The Takeaway: Not as highly regarded nationally as Atunyote and Kaluhyat, the Shenendoah course is perhaps the most fun track to play at Turning Stone and certainly the most forgiving. With some great scoring opportunities and better pace of play than its sister courses, Shenendoah is an underrated must play when visiting the resort. Grade B-
Designer: Rick Smith in 2000
Cost: $60.00 - $150.00 Click for current rates
Phone Number: (877) 748-4653
Course Website: Official Website - Visit Shenendoah Golf Club at Turning Stone's official website by clicking on the link provided.
Directions: Get here! - 5218 Patrick Rd., Verona, New York 13478 – UNITED STATES
What to Expect: Shenendoah was the first of three 18 hole courses laid out at Turning Stone Resort and was crafted by Rick Smith. The less hyped course at the resort is a nice combination between the forgiveness of Atunyote and the variety of terrain at Kaluhyat which creates perhaps the most overall fun track. In 2016 the course received a renovation to allow for expansion of the resort which resulted in the addition or alteration of seven holes but the course flows as if it was the original routing. The course goes through some wetland areas, treed areas, and open vista spaces that create a memorable setting to enjoy. Conditioning isn't as good as Atunyote but is certainly kept in good shape. Ultimately I'm surprised Shenendoah doesn't receive more accolades because I think it is the second best course at Turning Stone and offers the most enjoyable holes.
By the Numbers
Individual Hole Analysis
Signature Hole: 14th Hole – 168 Yard Par 3 – The hole you'll want to pull out your camera on is the scenic one-shot 14th. Playing over water, the front of the green and the tee boxes are supported with an attractive rock wall that offers some color contrast to the bunkers, water, and grass. A trio of bunkers front the green and a large bunker flanks the rear so distance control is critical when attaching this putting surface that is 25 yards at its maximum.
Best Par 3: 9th Hole – 186 Yards – The front nine closes with a one-shotter named Tamarack due to the large evergreens that are featured on this hole. A forced carry over a wetland area is required to find the green which is bordered on the left by a large bunker. When the pin is on the right you can be aggressive in your attack, but when it is on the left there is less green and more trouble in play to contend with. This is an attractive hole and a great way to finish out the front.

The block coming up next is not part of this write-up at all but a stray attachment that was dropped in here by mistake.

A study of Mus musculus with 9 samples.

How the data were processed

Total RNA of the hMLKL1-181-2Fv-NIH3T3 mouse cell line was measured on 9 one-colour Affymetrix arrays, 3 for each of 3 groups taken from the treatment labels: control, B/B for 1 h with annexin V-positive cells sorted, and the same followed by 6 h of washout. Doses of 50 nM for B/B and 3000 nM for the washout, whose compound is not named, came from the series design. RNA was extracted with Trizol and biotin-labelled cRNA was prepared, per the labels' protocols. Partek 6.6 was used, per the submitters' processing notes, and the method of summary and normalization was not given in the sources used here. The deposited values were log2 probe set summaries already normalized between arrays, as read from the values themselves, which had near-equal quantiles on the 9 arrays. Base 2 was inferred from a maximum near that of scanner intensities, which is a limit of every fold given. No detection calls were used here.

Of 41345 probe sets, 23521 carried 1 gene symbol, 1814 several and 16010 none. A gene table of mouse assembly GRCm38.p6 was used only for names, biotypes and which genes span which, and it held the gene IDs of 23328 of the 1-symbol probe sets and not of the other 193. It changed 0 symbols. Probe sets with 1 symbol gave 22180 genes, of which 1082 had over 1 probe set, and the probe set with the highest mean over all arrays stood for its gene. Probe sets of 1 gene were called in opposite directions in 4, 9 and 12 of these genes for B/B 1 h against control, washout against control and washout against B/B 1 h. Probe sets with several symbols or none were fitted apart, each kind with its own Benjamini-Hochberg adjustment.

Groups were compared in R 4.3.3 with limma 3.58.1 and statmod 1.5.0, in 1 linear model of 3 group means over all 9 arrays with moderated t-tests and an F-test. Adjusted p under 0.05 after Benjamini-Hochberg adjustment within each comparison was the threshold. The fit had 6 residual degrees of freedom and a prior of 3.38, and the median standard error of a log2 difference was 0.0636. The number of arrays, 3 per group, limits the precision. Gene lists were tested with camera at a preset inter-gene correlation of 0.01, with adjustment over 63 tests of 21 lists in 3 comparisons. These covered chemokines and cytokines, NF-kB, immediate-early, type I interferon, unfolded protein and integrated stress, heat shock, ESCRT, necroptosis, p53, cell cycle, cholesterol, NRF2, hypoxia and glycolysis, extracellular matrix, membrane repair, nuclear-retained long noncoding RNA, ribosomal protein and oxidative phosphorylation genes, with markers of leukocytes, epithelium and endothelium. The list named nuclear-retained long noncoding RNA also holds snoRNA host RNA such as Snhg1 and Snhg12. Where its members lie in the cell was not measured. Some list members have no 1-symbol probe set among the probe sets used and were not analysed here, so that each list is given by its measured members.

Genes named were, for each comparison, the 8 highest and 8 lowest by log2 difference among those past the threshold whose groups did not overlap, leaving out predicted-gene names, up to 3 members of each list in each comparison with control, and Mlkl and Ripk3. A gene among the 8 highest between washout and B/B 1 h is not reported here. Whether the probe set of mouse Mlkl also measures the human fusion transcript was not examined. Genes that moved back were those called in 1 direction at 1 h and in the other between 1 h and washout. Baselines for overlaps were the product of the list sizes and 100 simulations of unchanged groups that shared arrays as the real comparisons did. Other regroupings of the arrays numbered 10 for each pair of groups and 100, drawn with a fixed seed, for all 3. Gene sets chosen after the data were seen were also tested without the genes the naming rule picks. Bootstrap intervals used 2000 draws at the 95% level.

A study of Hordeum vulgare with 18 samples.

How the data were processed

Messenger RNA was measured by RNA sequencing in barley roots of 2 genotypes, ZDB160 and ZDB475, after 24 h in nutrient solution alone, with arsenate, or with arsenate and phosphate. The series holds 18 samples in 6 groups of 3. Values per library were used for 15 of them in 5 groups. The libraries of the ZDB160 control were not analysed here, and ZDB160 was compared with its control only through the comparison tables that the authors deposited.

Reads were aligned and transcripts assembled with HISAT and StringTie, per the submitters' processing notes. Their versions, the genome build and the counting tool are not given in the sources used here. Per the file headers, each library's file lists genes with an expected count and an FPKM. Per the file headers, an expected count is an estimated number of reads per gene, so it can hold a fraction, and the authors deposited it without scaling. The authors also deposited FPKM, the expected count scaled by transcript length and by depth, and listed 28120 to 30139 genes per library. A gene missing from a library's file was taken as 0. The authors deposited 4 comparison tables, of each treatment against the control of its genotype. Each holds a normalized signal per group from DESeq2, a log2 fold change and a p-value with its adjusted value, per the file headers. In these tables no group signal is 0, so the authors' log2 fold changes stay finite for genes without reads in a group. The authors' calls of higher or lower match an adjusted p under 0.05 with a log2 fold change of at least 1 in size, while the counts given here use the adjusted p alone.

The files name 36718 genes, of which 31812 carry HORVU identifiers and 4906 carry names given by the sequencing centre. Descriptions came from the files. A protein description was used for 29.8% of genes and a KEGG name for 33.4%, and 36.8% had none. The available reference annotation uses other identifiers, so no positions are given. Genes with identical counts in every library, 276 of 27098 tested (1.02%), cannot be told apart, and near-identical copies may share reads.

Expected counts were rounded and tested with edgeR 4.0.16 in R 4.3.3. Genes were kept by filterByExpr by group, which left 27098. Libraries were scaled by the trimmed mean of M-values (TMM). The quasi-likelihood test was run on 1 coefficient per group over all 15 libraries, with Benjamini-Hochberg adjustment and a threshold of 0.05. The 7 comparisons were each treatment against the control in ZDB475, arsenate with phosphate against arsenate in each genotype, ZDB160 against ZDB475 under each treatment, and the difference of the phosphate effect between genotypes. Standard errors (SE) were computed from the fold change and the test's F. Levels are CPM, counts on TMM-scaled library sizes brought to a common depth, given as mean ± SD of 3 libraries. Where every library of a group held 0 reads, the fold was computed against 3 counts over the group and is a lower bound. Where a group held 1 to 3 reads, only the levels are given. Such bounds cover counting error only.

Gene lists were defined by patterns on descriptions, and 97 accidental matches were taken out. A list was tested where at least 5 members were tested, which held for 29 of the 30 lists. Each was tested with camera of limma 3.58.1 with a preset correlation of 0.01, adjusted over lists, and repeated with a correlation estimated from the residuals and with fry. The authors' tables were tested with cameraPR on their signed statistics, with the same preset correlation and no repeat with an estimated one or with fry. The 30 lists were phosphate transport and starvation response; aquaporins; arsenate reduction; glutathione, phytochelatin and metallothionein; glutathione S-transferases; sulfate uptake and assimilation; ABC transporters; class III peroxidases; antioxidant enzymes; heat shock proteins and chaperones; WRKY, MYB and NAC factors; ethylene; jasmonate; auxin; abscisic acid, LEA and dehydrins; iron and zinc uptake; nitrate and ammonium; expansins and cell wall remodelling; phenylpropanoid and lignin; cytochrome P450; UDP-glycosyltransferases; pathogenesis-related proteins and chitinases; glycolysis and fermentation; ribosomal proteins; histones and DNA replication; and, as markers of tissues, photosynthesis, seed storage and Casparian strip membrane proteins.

Best Par 4: 7th Hole – 364 Yards – The yardage may read 364 yards, but a tee ball going straight at the green needs to carry just 240 yards to clear the marshland and leave a short chip to the putting surface while a 285 yard bomb may result in an eagle putt. This is a great risk/reward element considering going for the green bring four bunkers and a ton of marshland into play while playing safely to the right affords plenty of fairway and a good approach angle. Wildlife is commonplace on this hard dogleg left as the variety of plant life in the marshland creates an attraction. This is just a fun hole with great options.
Best Par 5: 18th Hole – 553 Yards – The closing hole at Shenendoah is one of its most memorable. Named "Apple Orchard" due to the apple and pear orchards that add to the landscape, the 18th features two fairways since the first one is terminated in a strip of grassland. 235 yards from the green players will have to carry the grassland to the second fairway where a fade is called for in order to utilize the slope left of the green. A half dozen bunkers come into play along the way which if successfully avoided can result in a birdie to finish your round on.
Birdie Time: 16th Hole – 291 Yard Par 4 – Some holes are a missed opportunity if you don't card a birdie and some are just a catastrophic failure; the 16th is the later. At less than 300 and playing downhill the entire way, this hole is begging for you to take advantage of it. A draw off the tee will follow the shape of the fairway and split the bunkers that are in play and can result in an eagle putt. Even if you don't want to try and drive the green, a 200 yard lay up off the tee will leave you a flip wedge into a receptive green that is 38 yards deep. The chance of you having a birdie putt on this hole is very high so taking a stroke back from Old Man Par is almost more of a likelihood than a fortunate opportunity.
Bogey Beware: 6th Hole – 452 Yard Par 4 – As is so common the case, midway through the front and midway through the back is when the toughest holes rear their heads and Shenendoah is no different. The 461 yard 13th is a brute and could certainly qualify as the Bogey Beware hole, but it is the 452 yard 6th that ends up claiming the title. The tee shot plays over a center bunker and must land in the fairway between the bunkers found on each side of the short grass. Wetlands frame each side of the hole so any shots that track wayward outside the rough will likely be a donation back to the course. The approach shot plays to a green that is angled away from the player so that hitting the green is a difficult proposition unless playing from the far right side of the fairway which also creates the longest distance home. The wetlands tighten up to the playing area the closer to the green you get and a deep bunker looming left of the putting surface. Bottom line, there is no room for error here if you plan on avoiding bogey.